STEM & Quilting with Kids: Façades


Quilters are inspired by the world around them and nature has been a constant theme. However, the world that human beings have designed, constructed, and inhabited through architecture finds its way into quilting in marvelous ways.

Architecture has been a source of inspiration throughout the history of quilting—beginning with house quilts, then moving forward in the 21st century to include making quilts inspired by iconic skyscrapers and buildings.

Here are a few house shapes that inspire quilters and makers everywhere. When you analyze the shapes and forms included in these houses, you see squares, rectangles, triangles, and semi-circles. You see the texture of the siding, the different materials, and the landscaping. All these details inform and motivate quilters to add embellishments and decorations to create areas of interest in their quilts.

Look at these structures. Notice how they, too, all consist of simple geometric shapes. Observe how they look as if they could be made from strips.

Quilters in the early history of our country loved to use simple piecing techniques to create House quilts. Appliqué (sewing fabric onto a quilt) was another technique a quilter might use to make and embellish house quilts. Contemporary quilters create house quilts inspired by architecture, as well.

In my own personal artwork, I have created quilts inspired by Architecture as well. Notice the hexagon and circular fabric embellishments. See how I use buttons for doorknobs and beads for decoration?

Some quilters use images of architectural structures to design abstracted, free form quilt designs.

In the design of homes and buildings, architects have a lot to consider. They think about size, materials, and how it looks on the inside and outside. Architects develop a plan that describes how the structure will look on the outside. What a structure looks like outside is called the façade.

The façade is designed to stand out visually, with unique silhouettes and innovative use of materials. The plan for the façade includes door and window styles and decoration for the front, sides, and back of the structure. The façade designs of iconic buildings, cityscapes, and homes offer many potential project designs for quilters.

Architecture is a perfect fit for source material for quilters. It uses many of the same tools that quilters use, such as templates, rulers, and compasses as they develop drawings and models. Quilters use those same tools to make quilts that are balanced and appealing. In architecture, the quality of life people experience in structures is enhanced by good design. However, the look of the façade adds another layer of creativity contributing to the overall success of the design of the structure. In that same way, quilters add details to their house or building quilts with buttons, beads, thread, and embellishments that give their façades a distinctive look, as well.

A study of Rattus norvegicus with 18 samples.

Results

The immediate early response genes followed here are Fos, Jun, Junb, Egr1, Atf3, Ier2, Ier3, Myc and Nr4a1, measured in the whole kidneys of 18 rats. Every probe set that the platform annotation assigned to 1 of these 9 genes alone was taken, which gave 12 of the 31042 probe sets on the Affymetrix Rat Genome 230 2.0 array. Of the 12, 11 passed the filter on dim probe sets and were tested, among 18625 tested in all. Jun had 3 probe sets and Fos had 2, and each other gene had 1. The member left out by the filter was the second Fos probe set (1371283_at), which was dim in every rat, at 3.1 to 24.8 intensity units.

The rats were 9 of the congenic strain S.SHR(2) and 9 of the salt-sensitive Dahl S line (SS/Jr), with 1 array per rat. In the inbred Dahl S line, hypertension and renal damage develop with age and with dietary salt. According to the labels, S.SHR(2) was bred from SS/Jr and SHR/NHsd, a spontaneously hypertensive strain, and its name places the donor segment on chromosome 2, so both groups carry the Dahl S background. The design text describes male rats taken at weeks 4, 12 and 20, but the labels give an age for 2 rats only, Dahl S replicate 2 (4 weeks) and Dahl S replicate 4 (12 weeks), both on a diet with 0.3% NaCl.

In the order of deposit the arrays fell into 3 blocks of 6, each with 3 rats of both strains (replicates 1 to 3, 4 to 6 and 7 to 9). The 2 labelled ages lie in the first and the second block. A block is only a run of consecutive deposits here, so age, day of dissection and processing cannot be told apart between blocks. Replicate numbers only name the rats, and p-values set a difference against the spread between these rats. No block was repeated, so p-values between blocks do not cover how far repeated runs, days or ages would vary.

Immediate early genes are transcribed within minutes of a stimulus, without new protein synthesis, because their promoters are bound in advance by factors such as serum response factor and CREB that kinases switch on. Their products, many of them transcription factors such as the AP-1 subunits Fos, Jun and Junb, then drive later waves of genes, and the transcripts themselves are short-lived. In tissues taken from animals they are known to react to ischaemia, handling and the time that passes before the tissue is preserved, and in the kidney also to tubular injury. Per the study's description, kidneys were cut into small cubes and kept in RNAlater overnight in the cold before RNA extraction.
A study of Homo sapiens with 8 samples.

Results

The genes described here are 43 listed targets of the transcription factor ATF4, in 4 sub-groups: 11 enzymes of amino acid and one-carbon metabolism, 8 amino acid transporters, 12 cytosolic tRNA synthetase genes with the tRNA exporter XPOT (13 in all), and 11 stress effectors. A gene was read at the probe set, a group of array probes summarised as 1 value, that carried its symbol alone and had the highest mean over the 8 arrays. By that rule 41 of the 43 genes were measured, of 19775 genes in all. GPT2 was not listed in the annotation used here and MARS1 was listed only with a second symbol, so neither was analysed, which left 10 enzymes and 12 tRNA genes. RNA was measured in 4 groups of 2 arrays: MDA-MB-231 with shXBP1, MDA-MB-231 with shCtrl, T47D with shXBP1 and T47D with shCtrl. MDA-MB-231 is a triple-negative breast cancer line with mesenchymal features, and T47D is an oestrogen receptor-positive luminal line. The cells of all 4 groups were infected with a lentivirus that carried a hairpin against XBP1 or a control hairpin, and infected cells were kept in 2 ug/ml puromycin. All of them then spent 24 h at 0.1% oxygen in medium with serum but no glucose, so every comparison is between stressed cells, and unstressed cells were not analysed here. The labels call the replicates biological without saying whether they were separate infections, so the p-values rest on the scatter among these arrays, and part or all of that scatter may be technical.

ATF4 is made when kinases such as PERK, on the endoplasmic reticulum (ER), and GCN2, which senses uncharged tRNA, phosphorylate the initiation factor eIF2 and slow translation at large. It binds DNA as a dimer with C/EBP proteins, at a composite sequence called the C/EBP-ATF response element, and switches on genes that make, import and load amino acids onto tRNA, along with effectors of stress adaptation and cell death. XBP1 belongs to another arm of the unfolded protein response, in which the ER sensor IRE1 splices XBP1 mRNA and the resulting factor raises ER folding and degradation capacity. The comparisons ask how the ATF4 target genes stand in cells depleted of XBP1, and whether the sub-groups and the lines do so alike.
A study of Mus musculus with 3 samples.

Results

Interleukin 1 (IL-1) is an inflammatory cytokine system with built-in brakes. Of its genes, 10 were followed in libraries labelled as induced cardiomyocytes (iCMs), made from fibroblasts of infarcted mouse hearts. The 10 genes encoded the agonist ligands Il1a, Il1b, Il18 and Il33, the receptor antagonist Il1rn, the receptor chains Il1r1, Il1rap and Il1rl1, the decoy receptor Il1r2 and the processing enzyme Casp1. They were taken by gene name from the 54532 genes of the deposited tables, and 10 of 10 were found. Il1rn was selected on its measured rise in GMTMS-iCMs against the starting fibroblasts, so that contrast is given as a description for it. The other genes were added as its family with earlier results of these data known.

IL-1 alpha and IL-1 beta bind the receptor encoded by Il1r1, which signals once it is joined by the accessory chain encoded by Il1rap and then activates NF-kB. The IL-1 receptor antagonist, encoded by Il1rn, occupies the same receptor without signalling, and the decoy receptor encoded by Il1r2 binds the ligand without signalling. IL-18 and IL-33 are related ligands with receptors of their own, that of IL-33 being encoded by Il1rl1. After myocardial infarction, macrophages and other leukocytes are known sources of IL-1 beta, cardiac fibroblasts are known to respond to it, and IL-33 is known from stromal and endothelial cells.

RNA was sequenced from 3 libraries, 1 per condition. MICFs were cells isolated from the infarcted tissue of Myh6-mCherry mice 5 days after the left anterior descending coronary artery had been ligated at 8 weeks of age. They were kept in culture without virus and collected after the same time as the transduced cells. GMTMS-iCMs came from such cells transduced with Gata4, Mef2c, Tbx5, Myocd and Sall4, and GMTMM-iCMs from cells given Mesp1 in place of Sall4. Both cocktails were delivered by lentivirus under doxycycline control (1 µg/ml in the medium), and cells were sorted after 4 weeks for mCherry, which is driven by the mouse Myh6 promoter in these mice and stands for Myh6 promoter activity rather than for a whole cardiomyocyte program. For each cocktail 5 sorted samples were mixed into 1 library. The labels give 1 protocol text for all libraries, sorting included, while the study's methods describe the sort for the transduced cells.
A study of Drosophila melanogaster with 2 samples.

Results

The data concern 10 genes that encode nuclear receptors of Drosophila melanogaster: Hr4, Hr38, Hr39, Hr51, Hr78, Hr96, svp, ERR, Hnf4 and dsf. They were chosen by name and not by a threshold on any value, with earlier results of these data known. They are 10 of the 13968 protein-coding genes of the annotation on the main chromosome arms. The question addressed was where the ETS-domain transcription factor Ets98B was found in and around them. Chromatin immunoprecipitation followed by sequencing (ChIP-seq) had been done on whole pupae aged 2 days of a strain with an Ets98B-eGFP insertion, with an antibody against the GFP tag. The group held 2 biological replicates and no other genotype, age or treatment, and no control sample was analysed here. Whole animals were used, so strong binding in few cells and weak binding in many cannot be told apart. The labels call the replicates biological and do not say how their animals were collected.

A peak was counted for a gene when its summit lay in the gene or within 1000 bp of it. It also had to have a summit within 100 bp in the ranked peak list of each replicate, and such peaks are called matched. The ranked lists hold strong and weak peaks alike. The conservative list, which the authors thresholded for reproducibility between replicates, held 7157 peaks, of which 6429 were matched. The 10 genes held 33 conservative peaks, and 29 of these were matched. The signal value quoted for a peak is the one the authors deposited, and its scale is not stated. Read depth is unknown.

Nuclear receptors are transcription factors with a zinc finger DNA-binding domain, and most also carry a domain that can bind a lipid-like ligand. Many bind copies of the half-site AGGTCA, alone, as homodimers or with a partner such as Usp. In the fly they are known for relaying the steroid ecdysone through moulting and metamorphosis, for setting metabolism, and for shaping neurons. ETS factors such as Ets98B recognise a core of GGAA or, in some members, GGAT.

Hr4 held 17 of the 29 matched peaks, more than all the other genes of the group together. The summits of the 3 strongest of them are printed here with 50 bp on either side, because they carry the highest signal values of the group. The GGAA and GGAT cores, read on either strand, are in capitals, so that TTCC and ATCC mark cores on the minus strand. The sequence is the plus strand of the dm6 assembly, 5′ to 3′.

Take time out to do a walking tour of your neighborhood and observe the façades of buildings and homes. Be inspired to sketch some to use in future artwork inspired by your neighborhood and the structures around you.

Explore a simple type of quilt called a strip quilt as you create your own mini-quilt top inspired by building façades.

Strip City Mini Quilt Top

This mini quilt is simply made using 11 strips and 1 small circle. It is straight seams sewn in a particular sequence which makes it a fun and easy project for beginners and advanced young quilters.


  • Scissors
  • #2 Pencil
  • Black and White Fabric Paint
  • One Small Paint Brush
  • One-Fourth of a Yard or 1 fat quarter of Light Blue
  • 6” x 6” Orange (sun)
  • One-Eighth of a yard of Gray, Brick Red, Brown, Black and Grass Green
  • Gray Sewing Thread
  • Black Quilting Thread
  • Hand-Sewing Needles and/or Sewing Machine
  • 18” Ruler

Cutting Instructions:

Cut Strips:

  • Brick Red: 2 ½” x 6”
  • Gray: 3” x 10”
  • Brown: 2 ½” x 5”
  • Light Blue: 7 ¾” x 2 ½”
    • 3” x 3 ½”
    • 2 ½” x 5”
    • (2) 1 ¾”x 13”
  • Grass Green: 2 ½”x 9 ½”
  • Black: 2 ¾” x 9 ½”
  • Gray: 1 ¾” x 9 ½”
  • Orange: (2) 2 ¾” Circles


1. Cut out the strips.

2. Draw the doors and windows on the buildings. Paint them in with Black Textile Paint. 

3. Paint the lines on the street. Let paint dry for an hour.

4. Sew sky strips to the top of the buildings. Press seams toward the buildings.

5. Lay the strips out for sewing. Sew the Building and Sky strips together. Press Seams. Sew side sky panels to both sides of the building section.

6. Sew the grass, street, and sidewalk strips together. Press the seams.

7. Sew the sidewalk to the bottom of the buildings. Press seams to complete the mini-quilt top.

Optional: Take the two circles and place them right sides together. Sew the two circles all around their circumference. Cut a small slit in the back circle, turn the circles inside out and press. Place the sun in the sky on your mini-quilt and sew it down with a running stitch.

Now, wasn’t that easy? With your leftover scraps, you can make a border for your mini-quilt or you can make another Strip City Mini-Quilt. Have fun quilting your mini-quilt, young artists!